Office of the Inspector General

Investigation in Liberia

28 January 2020

A follow-up assessment by the Office of the Inspector General (OIG) of findings identified by a 2019 OIG audit in Liberiadownload in English | Français ] found no evidence of systemic diversion of health products.

In its 2019 audit, the OIG identified stock reconciliation differences for health products amounting to US$1.4 million. In the absence of clear inventory records, the OIG conducted a reconciliation of stock movements between August 2018 and April 2019, noting a net difference of US$1.4m between the expected commodities’ balance as of April 2019 versus the actual stock balance.

However, given the lack of inventory records, the audit could not conclude whether these discrepancies were the result of misappropriation, or bona fide transfers or stock movements that had not been recorded correctly.

OIG’s investigation assessment, finalized in December 2019, found that the discrepancy identified during the audit was due to poor record keeping, and not systemic diversion of health products.

The investigation assessment found, for instance, that Liberia’s Central Warehouse could not have had the 1.2 million vials of Artesunate 60mg that it reported in August 2018 and could only have had in stock a maximum of 42,652 vials financed by the Global Fund. This reporting error was likely due to use of a wrong unit of measurement during stock count.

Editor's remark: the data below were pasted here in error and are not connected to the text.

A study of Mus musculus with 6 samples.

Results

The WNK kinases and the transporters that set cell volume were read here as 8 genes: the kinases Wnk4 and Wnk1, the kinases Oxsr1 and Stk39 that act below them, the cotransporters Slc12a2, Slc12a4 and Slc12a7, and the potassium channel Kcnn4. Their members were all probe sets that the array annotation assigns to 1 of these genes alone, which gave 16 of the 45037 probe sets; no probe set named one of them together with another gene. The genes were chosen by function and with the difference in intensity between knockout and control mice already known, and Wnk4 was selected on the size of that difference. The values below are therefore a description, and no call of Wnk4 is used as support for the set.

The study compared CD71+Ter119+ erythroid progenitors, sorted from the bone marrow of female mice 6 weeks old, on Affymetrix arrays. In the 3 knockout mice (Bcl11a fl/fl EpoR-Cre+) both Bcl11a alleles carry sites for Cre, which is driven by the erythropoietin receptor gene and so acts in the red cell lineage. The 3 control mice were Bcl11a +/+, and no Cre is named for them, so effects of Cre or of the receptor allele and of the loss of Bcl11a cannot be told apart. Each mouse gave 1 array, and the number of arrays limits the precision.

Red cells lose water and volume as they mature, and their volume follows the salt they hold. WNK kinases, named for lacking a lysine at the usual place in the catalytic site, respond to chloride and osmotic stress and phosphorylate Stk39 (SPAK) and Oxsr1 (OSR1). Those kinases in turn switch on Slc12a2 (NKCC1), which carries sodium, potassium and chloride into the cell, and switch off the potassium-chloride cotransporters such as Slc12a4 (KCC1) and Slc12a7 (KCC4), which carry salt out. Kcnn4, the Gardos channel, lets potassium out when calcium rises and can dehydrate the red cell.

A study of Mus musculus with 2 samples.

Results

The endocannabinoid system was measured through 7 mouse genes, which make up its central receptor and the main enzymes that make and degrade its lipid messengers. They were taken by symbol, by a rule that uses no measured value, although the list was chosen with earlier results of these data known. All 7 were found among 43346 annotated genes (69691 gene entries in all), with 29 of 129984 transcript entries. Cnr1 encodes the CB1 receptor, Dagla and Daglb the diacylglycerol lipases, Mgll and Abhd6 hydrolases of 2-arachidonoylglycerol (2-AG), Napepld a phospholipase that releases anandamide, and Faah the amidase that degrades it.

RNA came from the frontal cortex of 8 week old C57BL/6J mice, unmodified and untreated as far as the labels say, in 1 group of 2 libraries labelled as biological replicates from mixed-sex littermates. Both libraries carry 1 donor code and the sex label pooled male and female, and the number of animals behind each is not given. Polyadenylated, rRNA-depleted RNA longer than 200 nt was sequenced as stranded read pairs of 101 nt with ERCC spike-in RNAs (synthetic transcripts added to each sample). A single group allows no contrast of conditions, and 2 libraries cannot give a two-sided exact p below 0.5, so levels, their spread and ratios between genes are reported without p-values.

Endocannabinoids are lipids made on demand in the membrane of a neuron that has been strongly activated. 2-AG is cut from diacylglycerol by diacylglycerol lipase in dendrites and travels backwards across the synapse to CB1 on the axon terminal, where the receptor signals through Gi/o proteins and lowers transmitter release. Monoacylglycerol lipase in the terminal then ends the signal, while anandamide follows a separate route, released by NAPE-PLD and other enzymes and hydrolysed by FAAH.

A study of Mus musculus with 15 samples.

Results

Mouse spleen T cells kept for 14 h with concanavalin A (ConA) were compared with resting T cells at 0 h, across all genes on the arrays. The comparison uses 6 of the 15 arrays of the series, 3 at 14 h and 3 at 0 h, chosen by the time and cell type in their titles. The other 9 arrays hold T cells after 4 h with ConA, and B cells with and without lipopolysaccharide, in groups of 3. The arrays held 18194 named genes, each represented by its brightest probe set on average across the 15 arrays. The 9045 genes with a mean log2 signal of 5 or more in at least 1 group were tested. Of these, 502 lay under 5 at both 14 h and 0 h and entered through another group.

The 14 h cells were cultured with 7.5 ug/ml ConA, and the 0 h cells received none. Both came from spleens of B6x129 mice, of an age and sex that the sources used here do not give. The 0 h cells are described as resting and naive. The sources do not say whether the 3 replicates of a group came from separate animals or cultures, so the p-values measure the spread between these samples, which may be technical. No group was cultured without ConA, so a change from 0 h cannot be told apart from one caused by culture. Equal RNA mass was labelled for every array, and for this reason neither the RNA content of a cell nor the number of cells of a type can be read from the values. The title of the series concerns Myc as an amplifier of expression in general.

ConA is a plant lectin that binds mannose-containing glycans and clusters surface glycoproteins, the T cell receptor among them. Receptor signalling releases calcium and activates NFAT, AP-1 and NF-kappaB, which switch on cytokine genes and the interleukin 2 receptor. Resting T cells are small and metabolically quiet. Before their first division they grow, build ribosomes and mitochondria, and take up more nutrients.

The OIG found that of the 42,652 vials of Artesunate 60mg financed by the Global Fund in the period under review, the Central Warehouse could not account for 6,510 vials. The Secretariat will follow up on this discrepancy in line with Global Fund guidelines on non-compliant transactions and recoveries.

The OIG only publishes investigation reports when conclusive findings of fraud and abuse have been made, in line with the applicable professional guidelines. The investigation assessment has therefore been closed without a formal report.


OIG’s audit of the Liberia grant portfolio identified significant weaknesses in stock management and record keeping.  At the Central Warehouse, there was no inventory management system, stock cards were not maintained, there were no regular inventory counts and inventory reports, there were inadequate products receipt records and inadequate inventory monitoring.

OIG’s investigation assessment did not find evidence of systemic diversion of health products. However, the assessment corroborated the significant internal control deficiencies that had been identified in the audit. OIG concluded that further investigative steps were unlikely to add value and therefore the case was closed.

The Secretariat has confirmed to OIG that it will continue to work with the Ministry of Health to implement measures to address the significant deficiencies in supply chain management.